Using food colors to dye wool is fast, fun, and reasonably inexpensive. It’s a great way to brighten up a dull day and produce unique items. Microwave dyeing is just one of the many techniques used to dye with food colors.

The advantage of using food coloring is that you probably have some in your pantry. If not, it’s readily available at supermarkets and cake decorating stores. Also, food coloring is edible, so you can use your everyday kitchen utensils and pans for dyeing. Other dyes, including acid dyes and some botanical dyes may be toxic. It’s recommended that you have a set of dedicated dyeing utensils when using these types of dye.

It is important that you use wool, or a blend with a high proportion of wool. Wool is a protein fiber and will take up the color well. Plant fibers such as cotton and linen require different dyes and techniques to obtain effective results. Man-made fibers will also react differently to wool, although fiber with some nylon or acrylic can be used.

I have dyed both roving (tops) and spun yarn with food colors. If using spun yarn, its best to wind it into a skein to ensure good contact with the dye. I enjoy dyeing roving prior to spinning it into yarn to create unique color effects.

What you'll need

What you'll need

What you’ll need, and why

White vinegar: Vinegar is mildly acidic and helps the dye bind to the wool fibers.

Food colors - I prefer to use Wilton’s food coloring when possible. They are a concentrated gel form and there is a good range of colors. Other brands of food color can be used but you may need to use greater quantities.

Containers to mix the dyes. I keep my empty dish washing liquid bottles to use when dyeing but disposable cups or empty glass jars are also great to use.

Gloves – to prevent your hands being stained.

A clear work area. If working in your kitchen, it’s a good idea to cover the surface with plastic to protect it from staining.

Plastic wrap – food grade wrap is suitable.

A microwave oven

Two plates

A bowl

A salad spinner (optional)

Okay, let's get to work

  • Fill a bowl or other container with sufficient water to cover your wool. Add two tablespoons of vinegar and place wool in the bowl to soak for 30 minutes.
  • While you’re waiting mix up your dye colors. Place a small amount (1/4 teaspoon if using gel colors) in a disposable or non-porous container. Add hot water and mix thoroughly, then add hot or cold water to make up to about 100ml. I like to use several colors, but you may prefer to use one or more.
  • Lift the wool gently from the bowl. If you have a salad spinner, you can place your wool in this and spin to remove excess moisture. Otherwise simply squeeze the wool gently.
  • Lay out a sheet of plastic food wrap sufficient in size for you to place your wool and wrap it fully once the dye has been added.
Soak your yarn or roving in water with a splash of white vinegar

Soak your yarn or roving in water with a splash of white vinegar

The fun part

  • Place your wool on the plastic wrap and apply the dye solution. Different effects can be achieved by how you choose to apply the dye.
  • For example, if you are using one colour, you could apply this evenly to the wool. Alternatively, you can achieve variations by adding the dye only to some parts of the wool.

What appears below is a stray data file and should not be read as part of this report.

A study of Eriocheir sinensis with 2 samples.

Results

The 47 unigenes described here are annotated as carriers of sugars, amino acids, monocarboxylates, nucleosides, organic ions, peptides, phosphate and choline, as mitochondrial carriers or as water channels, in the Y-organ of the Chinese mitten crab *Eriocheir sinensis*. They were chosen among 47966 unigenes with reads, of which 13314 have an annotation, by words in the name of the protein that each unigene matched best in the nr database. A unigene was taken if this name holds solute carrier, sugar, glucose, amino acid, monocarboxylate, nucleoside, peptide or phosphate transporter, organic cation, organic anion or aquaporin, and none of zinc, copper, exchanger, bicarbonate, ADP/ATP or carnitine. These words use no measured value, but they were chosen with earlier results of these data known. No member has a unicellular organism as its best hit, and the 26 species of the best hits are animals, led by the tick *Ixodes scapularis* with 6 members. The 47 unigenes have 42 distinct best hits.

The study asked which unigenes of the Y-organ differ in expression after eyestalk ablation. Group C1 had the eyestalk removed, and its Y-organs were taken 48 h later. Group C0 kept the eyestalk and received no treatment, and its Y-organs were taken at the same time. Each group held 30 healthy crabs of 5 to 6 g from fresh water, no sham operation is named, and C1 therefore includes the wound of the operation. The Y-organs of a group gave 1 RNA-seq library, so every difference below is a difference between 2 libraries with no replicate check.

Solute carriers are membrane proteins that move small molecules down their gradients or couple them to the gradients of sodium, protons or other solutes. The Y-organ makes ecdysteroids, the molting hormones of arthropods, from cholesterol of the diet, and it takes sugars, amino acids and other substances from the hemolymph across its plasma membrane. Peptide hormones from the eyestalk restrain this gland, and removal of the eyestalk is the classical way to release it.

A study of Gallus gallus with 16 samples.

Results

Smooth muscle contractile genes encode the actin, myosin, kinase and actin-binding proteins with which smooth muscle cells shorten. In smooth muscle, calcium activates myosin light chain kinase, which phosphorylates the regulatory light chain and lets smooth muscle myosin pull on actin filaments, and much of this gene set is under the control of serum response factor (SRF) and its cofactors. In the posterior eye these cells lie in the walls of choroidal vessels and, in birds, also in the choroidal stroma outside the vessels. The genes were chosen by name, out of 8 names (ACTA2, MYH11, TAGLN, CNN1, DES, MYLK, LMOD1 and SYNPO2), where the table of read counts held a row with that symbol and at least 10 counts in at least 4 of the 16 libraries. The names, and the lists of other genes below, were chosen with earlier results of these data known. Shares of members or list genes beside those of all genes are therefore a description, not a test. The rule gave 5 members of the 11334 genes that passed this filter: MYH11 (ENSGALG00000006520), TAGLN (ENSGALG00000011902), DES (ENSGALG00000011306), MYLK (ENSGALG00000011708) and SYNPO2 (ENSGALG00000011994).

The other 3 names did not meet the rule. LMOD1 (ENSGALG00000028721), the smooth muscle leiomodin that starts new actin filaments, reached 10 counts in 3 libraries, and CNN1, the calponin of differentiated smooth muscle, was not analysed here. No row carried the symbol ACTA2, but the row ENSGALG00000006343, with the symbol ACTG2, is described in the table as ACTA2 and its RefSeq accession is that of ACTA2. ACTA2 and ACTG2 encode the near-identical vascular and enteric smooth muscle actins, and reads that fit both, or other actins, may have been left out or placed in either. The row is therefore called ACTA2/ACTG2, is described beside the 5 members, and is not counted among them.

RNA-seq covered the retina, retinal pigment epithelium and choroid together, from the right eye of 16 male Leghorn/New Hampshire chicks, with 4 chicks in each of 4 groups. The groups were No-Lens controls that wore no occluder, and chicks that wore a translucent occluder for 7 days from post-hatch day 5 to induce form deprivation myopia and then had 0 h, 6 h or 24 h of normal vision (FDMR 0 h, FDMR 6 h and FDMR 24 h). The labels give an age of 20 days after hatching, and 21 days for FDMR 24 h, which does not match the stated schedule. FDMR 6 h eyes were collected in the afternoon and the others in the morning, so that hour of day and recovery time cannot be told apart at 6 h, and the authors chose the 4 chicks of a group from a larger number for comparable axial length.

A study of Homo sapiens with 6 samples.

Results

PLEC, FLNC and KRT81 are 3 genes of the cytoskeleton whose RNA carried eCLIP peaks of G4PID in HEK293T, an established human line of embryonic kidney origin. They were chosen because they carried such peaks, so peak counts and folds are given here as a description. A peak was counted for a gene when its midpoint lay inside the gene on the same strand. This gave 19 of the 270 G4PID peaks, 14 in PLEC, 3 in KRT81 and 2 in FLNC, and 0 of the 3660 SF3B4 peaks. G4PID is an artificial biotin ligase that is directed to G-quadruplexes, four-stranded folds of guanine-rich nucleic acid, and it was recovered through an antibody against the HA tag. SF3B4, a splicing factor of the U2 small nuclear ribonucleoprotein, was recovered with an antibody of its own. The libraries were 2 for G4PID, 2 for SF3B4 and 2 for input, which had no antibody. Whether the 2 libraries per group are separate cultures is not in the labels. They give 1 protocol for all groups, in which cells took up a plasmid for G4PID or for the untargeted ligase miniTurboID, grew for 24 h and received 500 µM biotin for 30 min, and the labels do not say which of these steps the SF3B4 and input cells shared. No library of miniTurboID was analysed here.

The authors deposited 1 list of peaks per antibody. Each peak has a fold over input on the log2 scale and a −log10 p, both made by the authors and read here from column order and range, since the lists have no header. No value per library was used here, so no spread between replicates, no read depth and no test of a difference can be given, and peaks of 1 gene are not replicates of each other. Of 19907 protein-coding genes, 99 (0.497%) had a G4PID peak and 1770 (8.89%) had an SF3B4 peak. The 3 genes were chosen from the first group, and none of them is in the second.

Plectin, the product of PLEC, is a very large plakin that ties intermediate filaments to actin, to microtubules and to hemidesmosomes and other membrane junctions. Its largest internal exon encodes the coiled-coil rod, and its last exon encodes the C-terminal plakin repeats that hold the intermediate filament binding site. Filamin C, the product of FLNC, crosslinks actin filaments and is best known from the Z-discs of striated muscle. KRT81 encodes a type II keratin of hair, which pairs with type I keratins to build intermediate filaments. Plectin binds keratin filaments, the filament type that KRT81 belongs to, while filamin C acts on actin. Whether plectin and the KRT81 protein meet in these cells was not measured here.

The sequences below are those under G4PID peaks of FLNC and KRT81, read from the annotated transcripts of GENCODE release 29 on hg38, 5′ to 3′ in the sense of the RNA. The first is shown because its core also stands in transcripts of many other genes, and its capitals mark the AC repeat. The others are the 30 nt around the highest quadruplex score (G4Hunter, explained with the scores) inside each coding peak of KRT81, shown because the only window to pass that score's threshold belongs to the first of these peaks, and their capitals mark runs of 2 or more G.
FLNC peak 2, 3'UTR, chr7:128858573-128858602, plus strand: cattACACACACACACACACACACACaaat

If using more than one colour, you may like to keep them separate, leaving white sections between. Or you can apply the colours close together so they bleed into each other and create additional shades and colour variations.
  • Check the underside of the wool to ensure the dye has penetrated through. You can work the wool gently with your gloved fingers to mix the colours, or to ensure it has soaked through.
  • Wrap your wool, sausage like in the food wrap, by first folding the ends over, then rolling it up and smoothing the food wrap so the wool is sealed inside.


Roving ready to be dyed

Roving ready to be dyed

Roving after dye has been applied and squished gently to blend colors

Roving after dye has been applied and squished gently to blend colors

'Setting' the dye

  • Place the ‘sausage’ on a microwave proof plate, curling it. Pop it in the microwave for 2 minutes, or the time it would take for your microwave to heat a cup of water.
  • When the timer sounds, remove the plate and your wool. Hold a second plate above the wool and gently flip so your wool ends up on the second plate.
  • Return it to the microwave and set the timer for a further 2 minutes.
  • When the timer sounds, remove the plate from the microwave. Leave the wool on the plate to cool naturally. This is important. Playing with the wool while it is still hot could cause it to felt.
Yarn being wrapped

Yarn being wrapped

Wrapped and ready for the microwave

Wrapped and ready for the microwave

Now, to see the results

Congratulations on completing your first food color dye. Once you have mastered the technique, experiment with colors and methods of applying the dye to achieve different effects.

I used loads of pink and orange on the yarn - ready to be knitted into fun slippers for my youngest grand-daughter. For the roving I used brown and violet leaving white spaces for a muted color which will spin up into a variegated yarn. It could become a scarf or a beanie.

Completed yarn and roving

Completed yarn and roving

© 2021 Nan Hewitt

Comments

Nan Hewitt (author) from Albany, Western Australia on March 09, 2021:

I'm sure you'll get some lovely colors. I haven't tried Kool Ade - I may have to experiment with it.

Faythe Payne from USA on March 09, 2021:

I will have to try it..I have dyed yarn with kool ade..I think you will have more color choices with food color.